Today, I was joined by my students to complete part 2 of the cell construction process and testing. The solar cell was tested under direct sunlight and worked perfectly well. Here are pictures of the moment. We are excited about this result and all is now set for the first workshop on 31st October and 1st Nov. 2014.
- John Paul
Students at Makerere University testing out the solar cell kit (L to R): Francis Ssendi, John Bosco Ssenbandeke, Panzi John Makawa, and Samuel Onoro.
(L to R): SciBridge Vice-Chair John Paul Eneku with his students Francis Ssendi, Panzi John Makawa, and Samuel Onoro outside Makerere University in Kampala, Uganda.
Today, Alex and I commenced a very exciting process of testing the dye sensitized solar cell ahead of the workshop. We did part 1 of the two step cell construction process. That is, we successfully coated the conductive glass with TiO2 and also annealed it. It's been left to cool overnight and part 2 will be completed tomorrow and the cell will then be tested. Watch this space for tomorrow's outcome.
- John Paul
A special thanks to Dr. Adrian Hightower for supplying the TiO2 paste!
October has been a busy month for SciBridge!
Lecturers and SciBridge volunteers John Paul Eneku (SciBridge Vice-Chair) and Alex Okello have been preparing their undergraduate Physics students at Makerere University in Kampala, Uganda for the dye-sensitized solar cell experiments by giving a series of lectures. John Paul writes:
October 22: Today, Alex and I held a successful briefing of our students on the upcoming dye sensitized solar cell workshop. It was interesting and the students are so excited about the learning opportunity in their hands.Students will be attending an important introductory lecture on Friday October 24, 2014 and the workshop will be held next week.
October 24: Today, Alex and I successfully held a 1 hour lecture with the first set of students; it was amazing taking them through the basics of a solar cell and theory of a dye sensitized solar cell. To our satisfaction, they easily understood the operation of the dye sensitized solar cell. They are now motivated to try out several natural dyes found in their rural villages of origin and this they will be doing in the next academic semester (February 2015) when they are required to conduct research in topics of their interest in the field of physics. Their are interest in sharing all progress of their research activities with any research experts of dye sensitized solar cells to ensure they get good supervision and produce quality results. Meanwhile, on Saturday 25, 2014 Alex and I will be holding the same lecture for the second and last batch of students. We are hugely excited by our progress.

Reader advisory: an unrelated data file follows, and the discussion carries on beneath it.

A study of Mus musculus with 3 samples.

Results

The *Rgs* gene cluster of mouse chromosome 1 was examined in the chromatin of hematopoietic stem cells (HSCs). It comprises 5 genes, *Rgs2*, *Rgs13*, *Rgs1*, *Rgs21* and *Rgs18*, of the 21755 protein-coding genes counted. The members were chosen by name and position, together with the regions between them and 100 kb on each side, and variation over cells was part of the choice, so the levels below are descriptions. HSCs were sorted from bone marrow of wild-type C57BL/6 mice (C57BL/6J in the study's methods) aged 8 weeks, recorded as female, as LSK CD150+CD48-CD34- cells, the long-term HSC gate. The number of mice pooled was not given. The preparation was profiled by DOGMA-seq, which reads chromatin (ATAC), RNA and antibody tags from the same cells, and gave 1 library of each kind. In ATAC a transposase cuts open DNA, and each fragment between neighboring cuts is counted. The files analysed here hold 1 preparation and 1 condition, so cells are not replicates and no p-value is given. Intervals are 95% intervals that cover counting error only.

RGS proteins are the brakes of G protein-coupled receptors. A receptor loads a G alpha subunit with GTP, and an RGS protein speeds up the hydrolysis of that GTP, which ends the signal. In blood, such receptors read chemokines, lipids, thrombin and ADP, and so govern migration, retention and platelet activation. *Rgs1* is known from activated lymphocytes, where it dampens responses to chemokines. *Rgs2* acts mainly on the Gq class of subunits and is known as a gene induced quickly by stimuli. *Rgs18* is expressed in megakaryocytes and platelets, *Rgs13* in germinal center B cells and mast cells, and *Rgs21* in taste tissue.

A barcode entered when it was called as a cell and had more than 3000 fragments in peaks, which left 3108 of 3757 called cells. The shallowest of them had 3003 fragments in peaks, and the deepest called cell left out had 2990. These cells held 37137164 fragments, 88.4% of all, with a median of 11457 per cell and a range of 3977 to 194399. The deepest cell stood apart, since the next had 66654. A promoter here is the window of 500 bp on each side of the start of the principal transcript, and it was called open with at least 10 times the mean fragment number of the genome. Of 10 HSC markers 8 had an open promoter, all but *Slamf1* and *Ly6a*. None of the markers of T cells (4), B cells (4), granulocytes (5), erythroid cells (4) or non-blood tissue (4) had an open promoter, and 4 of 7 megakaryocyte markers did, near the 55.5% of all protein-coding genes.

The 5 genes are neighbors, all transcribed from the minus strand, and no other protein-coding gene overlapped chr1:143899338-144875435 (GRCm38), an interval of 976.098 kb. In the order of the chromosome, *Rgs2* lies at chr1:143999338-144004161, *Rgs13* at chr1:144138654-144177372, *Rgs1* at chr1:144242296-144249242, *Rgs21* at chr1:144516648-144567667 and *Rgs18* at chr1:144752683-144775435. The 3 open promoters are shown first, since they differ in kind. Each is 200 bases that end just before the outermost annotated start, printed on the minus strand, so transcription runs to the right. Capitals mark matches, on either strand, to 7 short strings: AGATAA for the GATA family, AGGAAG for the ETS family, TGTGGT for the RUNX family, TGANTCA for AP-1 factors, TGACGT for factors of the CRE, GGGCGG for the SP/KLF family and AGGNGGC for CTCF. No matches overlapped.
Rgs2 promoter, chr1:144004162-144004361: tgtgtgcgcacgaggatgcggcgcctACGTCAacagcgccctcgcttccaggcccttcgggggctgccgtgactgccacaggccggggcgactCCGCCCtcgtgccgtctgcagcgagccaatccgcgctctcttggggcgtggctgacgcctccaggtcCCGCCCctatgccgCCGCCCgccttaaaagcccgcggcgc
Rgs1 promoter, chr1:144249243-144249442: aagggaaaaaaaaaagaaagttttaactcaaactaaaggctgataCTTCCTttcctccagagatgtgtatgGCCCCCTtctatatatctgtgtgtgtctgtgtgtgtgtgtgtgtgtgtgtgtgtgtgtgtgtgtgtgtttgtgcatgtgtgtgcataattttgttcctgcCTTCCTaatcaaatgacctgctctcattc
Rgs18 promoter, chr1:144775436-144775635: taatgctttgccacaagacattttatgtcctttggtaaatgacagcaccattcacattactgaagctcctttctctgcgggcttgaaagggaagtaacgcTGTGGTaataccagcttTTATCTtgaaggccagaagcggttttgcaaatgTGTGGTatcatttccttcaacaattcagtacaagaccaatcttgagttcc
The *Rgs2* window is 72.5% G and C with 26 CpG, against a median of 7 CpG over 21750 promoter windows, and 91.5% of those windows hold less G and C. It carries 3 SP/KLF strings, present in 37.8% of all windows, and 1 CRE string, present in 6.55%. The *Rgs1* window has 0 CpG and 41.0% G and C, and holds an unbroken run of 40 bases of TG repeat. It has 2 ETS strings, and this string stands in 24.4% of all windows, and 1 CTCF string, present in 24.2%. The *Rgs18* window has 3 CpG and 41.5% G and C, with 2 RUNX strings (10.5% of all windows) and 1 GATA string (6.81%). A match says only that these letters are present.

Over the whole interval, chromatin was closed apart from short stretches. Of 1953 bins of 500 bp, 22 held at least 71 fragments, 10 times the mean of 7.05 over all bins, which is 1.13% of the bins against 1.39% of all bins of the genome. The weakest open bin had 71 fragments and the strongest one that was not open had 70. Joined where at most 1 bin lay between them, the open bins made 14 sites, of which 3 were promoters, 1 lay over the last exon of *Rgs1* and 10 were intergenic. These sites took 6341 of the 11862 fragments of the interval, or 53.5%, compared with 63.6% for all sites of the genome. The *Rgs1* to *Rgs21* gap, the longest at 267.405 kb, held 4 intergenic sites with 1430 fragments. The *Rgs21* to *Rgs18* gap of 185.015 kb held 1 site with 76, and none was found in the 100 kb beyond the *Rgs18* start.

October 25: We have just held the second lecture for the last set of students. This group equally understood the concept of a dye sensitized solar cell with ease. We the instructors can affirm that these students have adequately understood the theory and appreciate the motivation for the dye sensitized solar cell. They are also determined to take the mantle of exploring the hidden potential in natural dyes of Uganda's vast natural vegetation and will share their findings on this and related platforms. We are therefore happy with our progress. Our students too are happy to learn a new thing and can't wait to make the solar cells. All is now set for the first workshop on Friday October 31 and Saturday November 1, 2014. This will be followed by a web based seminar where a research from the U.S.A will join us online to discuss energy and results of the workshop. Watch this space for more updates of the events to come.
Meanwhile, the first experiment kits on dye-sensitized solar cells (using an experiment procedure developed at UCLA/CNSI) have arrived at Makerere University. Here is John Paul opening up a kit with his students:
In the U.S., volunteers have been developing the next SciBridge kit on aluminum-air batteries at the University of Texas at Austin:
We are excited to have had so much progress this month and look forward to next week's first full workshop!